I often hear from fans of my books that they’d love to have Waverly Bryson as a friend. This always makes me smile, because it shows that my readers see Waverly as an actual person. In real life, people evolve over time (or at least they should) but don’t change who they are at the core, so the challenge in writing four books with the same protagonist was to preserve her fundamental personality while allowing her to mature. That was a tricky thing to do, because I didn’t want anyone to think I’d strayed too far from the Waverly they’d fallen in love with in Perfect on Paper.
I didn’t follow a particular strategy to allow Waverly to “grow up,” but I did let her speak to me as I wrote the sequels to Perfect on Paper. That may sound a bit nuts, but it’s true. For each book, I’d sit at my computer, come up with a general idea for a story, then ask myself a series of questions as I went along. I believe following this approach worked, because allowing Waverly to provide the answers helped shape three more books that stayed true to her.
For example, when Waverly realizes she might be losing Jake because of her own insecurity in It’s a Waverly Life, I asked myself, How would this situation make her feel? What would she do about it? In Honey on Your Mind, I decided it would be fun if Waverly were offered a chance to work on a TV show but would have to move to New York to do it. I asked myself, How would she feel about leaving San Francisco? Where would she want to live in New York, and why? Then, in Chocolate for Two, I wanted Jake and Waverly to get married but not without some conflict, so I introduced Jake’s frosty mother, whose plans for the wedding differ dramatically from Waverly’s. Here I thought, How would Waverly’s life experience inform her reaction to this realization? Then later,How would she explain to her friends—and herself—why she’s not standing up to Mrs. McIntyre?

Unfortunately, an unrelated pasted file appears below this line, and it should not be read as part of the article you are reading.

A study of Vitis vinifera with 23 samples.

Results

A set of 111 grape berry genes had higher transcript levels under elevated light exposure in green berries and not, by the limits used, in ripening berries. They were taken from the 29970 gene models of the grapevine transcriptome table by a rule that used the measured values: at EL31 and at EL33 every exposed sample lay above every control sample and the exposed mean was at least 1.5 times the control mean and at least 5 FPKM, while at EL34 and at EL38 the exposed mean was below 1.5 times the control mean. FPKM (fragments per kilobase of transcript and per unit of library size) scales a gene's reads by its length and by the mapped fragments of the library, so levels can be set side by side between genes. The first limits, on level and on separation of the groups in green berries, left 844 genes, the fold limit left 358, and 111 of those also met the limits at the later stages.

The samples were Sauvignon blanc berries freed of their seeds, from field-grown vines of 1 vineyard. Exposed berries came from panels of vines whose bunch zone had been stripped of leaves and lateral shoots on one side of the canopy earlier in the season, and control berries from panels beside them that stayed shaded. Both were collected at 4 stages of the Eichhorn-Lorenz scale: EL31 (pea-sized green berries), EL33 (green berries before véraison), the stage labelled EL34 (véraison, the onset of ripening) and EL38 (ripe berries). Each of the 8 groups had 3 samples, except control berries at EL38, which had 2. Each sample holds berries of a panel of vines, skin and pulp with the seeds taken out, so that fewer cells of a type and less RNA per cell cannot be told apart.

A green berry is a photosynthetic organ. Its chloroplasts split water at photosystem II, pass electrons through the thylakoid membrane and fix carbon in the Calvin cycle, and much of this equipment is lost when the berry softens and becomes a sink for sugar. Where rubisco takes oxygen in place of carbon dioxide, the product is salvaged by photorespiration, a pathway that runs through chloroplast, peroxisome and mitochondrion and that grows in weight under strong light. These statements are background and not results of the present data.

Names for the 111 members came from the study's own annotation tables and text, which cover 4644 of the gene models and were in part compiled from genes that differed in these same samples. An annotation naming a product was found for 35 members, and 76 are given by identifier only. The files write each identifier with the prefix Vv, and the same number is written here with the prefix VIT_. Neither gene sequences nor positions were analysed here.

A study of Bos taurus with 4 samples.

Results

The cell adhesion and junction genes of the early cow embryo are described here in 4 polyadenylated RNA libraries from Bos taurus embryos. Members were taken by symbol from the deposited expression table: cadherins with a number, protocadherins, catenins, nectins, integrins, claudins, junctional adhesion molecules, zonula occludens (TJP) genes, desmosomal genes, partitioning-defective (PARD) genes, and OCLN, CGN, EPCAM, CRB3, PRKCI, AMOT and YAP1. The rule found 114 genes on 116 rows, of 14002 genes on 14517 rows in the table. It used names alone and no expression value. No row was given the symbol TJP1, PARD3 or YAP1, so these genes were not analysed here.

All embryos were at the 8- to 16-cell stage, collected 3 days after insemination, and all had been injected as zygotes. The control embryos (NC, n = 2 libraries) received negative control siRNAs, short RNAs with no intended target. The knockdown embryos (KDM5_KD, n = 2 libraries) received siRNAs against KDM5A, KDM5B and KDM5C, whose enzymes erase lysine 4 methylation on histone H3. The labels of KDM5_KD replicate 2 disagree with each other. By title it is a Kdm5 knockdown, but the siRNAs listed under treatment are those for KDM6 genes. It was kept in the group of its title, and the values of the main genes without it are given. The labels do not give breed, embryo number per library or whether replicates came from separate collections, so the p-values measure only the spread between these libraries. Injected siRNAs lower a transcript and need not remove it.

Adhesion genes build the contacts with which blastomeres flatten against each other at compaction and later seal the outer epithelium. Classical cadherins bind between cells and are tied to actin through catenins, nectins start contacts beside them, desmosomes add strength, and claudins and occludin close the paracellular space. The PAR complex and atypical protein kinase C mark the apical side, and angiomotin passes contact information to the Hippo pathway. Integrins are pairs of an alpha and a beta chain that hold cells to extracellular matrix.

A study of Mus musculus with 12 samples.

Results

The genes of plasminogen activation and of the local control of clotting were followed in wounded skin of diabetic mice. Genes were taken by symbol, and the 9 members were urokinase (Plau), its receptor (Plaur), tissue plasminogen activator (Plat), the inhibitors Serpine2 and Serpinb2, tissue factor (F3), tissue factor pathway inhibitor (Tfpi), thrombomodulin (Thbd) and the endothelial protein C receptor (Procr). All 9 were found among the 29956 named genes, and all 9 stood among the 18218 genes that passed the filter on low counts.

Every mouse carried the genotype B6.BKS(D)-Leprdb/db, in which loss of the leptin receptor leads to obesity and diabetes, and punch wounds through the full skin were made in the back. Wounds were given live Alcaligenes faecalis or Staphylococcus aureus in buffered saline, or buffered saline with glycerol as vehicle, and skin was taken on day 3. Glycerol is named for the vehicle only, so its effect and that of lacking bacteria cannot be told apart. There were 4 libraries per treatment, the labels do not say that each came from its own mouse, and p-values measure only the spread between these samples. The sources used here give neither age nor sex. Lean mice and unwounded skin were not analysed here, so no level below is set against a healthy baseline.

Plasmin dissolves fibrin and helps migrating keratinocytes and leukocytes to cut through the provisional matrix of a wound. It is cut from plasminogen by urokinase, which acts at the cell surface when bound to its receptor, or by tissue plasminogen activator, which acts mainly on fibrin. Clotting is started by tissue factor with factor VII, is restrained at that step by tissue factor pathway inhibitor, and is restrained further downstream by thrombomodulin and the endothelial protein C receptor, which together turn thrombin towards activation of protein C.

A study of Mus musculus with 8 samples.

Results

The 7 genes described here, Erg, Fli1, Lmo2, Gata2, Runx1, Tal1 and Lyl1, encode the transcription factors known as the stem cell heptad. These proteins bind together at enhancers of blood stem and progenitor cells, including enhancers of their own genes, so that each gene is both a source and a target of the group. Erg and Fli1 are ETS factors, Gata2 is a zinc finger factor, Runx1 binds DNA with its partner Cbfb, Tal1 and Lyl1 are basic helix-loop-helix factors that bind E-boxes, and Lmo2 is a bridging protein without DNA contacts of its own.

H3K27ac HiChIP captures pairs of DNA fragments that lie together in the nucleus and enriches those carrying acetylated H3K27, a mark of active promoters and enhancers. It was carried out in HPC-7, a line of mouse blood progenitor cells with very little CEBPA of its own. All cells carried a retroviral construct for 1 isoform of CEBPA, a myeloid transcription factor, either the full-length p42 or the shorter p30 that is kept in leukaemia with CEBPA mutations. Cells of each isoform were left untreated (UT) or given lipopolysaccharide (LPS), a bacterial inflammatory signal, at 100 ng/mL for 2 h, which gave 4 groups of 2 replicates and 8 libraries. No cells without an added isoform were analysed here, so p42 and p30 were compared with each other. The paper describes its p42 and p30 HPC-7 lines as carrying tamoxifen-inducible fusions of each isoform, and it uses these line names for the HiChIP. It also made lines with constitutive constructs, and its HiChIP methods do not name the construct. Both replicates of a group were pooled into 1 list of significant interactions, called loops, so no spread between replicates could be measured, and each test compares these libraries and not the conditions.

For each question, large or small, I would wait for the answer to reveal itself—and when it did, I wrote it down. I rarely forced the creative process, but when I occasionally wound up with a line or section that just didn’t sound like something Waverly would say or do, I deleted or changed it.
What I love most about Waverly Bryson is that she’s real. And by that I mean sincere. She’s flawed, but she tries her best to be a good person, no matter where she is in her personal and professional development. I wanted that quality to shine through in all four books, and I hope it did. And of course, wherever the future takes her, she’ll always have those cringe-worthy Waverly moments—some things will never change.
This blog post originally appeared on the Kindle Daily Post.